Tuesday, August 04, 2009.


I’m not a big fan of pop music. In fact, generally speaking I don’t listen to pop music. However, I do listen to Incognito—you might even call me a fan. Why?

Simple. I think as they approach their 30th anniversary, after Stevie Wonder,
Incognito is the strongest pop band in contemporary music. (And quiet as it’s kept, Stevie has fallen off whereas Incognito is still going strong producing new material and touring. Indeed, they have a massive 30th anniversary bash in the works.)


Incognito was co-founded in London in 1980 by Jean Paul “Bluey” Maunick, who continues to lead the ensemble, along with bassist and co-producer Paul “Tubbs” Williams. They are considered the leading proponent of “Acid Jazz,” which was a popular fusion of Soul music and jazz along with African and Latin elements.

Over the decades, Incognito has produced 13 studio albums and 12 albums of remixes, compilations and live recordings. Although they are leaders in terms of the quantity of music they have produced, my interest is in the quality of their work, especially during the decade 1993 to 2003.


Born February 19, 1957 on the island-nation of Mauritius, located off the southeast coast of Africa, Bluey Maunick is one of the leading composers and producers of modern pop music. Much like Duke Ellington who composed for a stable orchestra, Bluey has maintained a coterie of musicians and has been able to progressively develop the Incognito sound.


Incognito’s best known vocalist has been the Baltimore-born, American singer Maysa Leak. Incognito has always attracted strong vocalist as part of their signature sound. Some of those vocalists include Joycelyn Brown, Tony Momrelle, Carleen Anderson, Imaani and Kelli Sae.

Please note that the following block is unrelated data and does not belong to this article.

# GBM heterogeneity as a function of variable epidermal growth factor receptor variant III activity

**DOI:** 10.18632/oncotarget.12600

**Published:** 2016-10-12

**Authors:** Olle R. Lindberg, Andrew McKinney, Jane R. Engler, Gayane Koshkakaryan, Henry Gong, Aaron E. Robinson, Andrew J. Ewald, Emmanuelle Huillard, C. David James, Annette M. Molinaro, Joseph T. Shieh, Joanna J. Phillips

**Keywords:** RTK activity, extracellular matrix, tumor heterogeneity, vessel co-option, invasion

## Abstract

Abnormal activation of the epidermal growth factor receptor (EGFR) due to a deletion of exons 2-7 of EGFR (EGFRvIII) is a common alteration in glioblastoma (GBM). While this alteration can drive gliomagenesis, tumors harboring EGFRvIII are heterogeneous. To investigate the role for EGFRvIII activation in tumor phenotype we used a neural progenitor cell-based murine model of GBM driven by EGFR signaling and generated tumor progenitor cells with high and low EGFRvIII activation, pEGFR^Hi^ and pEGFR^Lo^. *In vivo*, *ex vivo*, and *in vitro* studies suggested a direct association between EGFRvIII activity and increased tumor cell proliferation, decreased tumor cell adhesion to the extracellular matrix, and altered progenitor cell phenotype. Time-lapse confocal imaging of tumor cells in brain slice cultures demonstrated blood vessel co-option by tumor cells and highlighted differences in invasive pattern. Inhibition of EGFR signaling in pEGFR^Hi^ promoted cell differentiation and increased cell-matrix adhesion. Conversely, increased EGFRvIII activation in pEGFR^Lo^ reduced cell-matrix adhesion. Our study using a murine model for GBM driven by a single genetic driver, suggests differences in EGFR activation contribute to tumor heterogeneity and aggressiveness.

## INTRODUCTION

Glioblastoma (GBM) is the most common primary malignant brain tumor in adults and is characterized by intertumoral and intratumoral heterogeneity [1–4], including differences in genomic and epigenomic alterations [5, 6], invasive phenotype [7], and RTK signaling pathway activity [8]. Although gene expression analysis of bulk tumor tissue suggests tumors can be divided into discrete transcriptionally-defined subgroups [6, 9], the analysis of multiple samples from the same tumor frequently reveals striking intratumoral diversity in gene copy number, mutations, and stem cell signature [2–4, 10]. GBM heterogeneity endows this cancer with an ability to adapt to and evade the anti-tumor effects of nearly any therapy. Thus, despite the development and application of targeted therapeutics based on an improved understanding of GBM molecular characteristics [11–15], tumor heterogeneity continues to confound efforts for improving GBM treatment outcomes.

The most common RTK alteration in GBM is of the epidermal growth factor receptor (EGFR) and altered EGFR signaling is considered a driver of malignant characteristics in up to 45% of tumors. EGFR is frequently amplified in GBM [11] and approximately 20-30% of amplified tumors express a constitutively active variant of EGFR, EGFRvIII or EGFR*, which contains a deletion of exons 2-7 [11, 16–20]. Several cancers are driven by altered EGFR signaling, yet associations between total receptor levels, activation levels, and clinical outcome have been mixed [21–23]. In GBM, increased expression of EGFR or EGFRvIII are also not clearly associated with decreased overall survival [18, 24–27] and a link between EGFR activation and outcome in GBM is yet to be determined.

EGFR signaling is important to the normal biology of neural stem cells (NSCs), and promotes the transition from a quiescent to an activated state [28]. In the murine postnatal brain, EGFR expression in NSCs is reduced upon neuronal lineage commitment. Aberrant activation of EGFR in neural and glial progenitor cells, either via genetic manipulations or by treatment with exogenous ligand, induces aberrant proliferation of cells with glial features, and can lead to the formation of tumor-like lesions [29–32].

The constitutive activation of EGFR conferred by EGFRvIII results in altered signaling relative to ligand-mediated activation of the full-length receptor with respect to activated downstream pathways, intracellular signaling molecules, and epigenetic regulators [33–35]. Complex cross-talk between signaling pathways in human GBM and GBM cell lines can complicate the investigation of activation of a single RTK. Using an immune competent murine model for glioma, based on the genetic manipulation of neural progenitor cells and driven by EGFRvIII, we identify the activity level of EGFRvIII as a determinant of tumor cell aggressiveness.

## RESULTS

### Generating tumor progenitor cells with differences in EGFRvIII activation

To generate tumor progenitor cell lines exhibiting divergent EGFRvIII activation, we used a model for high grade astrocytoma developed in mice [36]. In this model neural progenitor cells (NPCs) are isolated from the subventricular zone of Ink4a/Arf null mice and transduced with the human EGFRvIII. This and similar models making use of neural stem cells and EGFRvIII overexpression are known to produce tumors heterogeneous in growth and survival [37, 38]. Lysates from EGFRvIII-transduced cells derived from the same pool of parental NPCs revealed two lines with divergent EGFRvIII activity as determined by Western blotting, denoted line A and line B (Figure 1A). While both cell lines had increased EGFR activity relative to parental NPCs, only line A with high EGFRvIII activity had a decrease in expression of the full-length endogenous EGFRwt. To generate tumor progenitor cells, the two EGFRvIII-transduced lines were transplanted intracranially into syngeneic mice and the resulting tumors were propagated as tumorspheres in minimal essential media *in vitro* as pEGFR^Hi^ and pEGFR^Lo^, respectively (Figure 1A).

Incognito has a strong fan club and tour throughout the world and are popular throughout Asia, especially in Japan. Rather than a full overview I have selected a handful of their early popular recordings to kick off the mixtape and then followed up with selections from my four favorite recordings: 100° and Rising (1995), Beneath The Surface (1997), No Time Like The Future (1999) and Life, Stranger Than Fiction (2001).

Although the fan club has voted Positivity (1993) as their favorite Incognito album, no doubt in part because it contains most of their top of the chart hits, I am more impressed by the craft and musical diversity on the four albums that followed Positivity. Beginning with 100° and Rising, Bluey established the distinctive Incognito sound: multi-part compositions, a strong vocal chorus in addition to capable lead vocalists, and jazzy instrumental accompaniment.

I remember driving through Mississippi to a gig and listening to 100° and Rising over and over in the CD player. I marveled at the adroit string arrangements and the entrancing use of varied drum patterns beyond the usual 4/4 backbeat and stereotypical Latinish rhythms. Bluey took the best aspects of “smooth jazz” and mated them to a highly developed sense of composition that gave great depth to songs that otherwise would have been no different from most pop songs of their era.

Incognito 30th Anniversary featuring Jocelyn Brown and Special Guests at Indigo2, Greenwich, London.
Sat 22 Aug 2009, 19:00 .

Kalamu ya Salaam is a writer, musician and film-maker based in New Orleans, USA.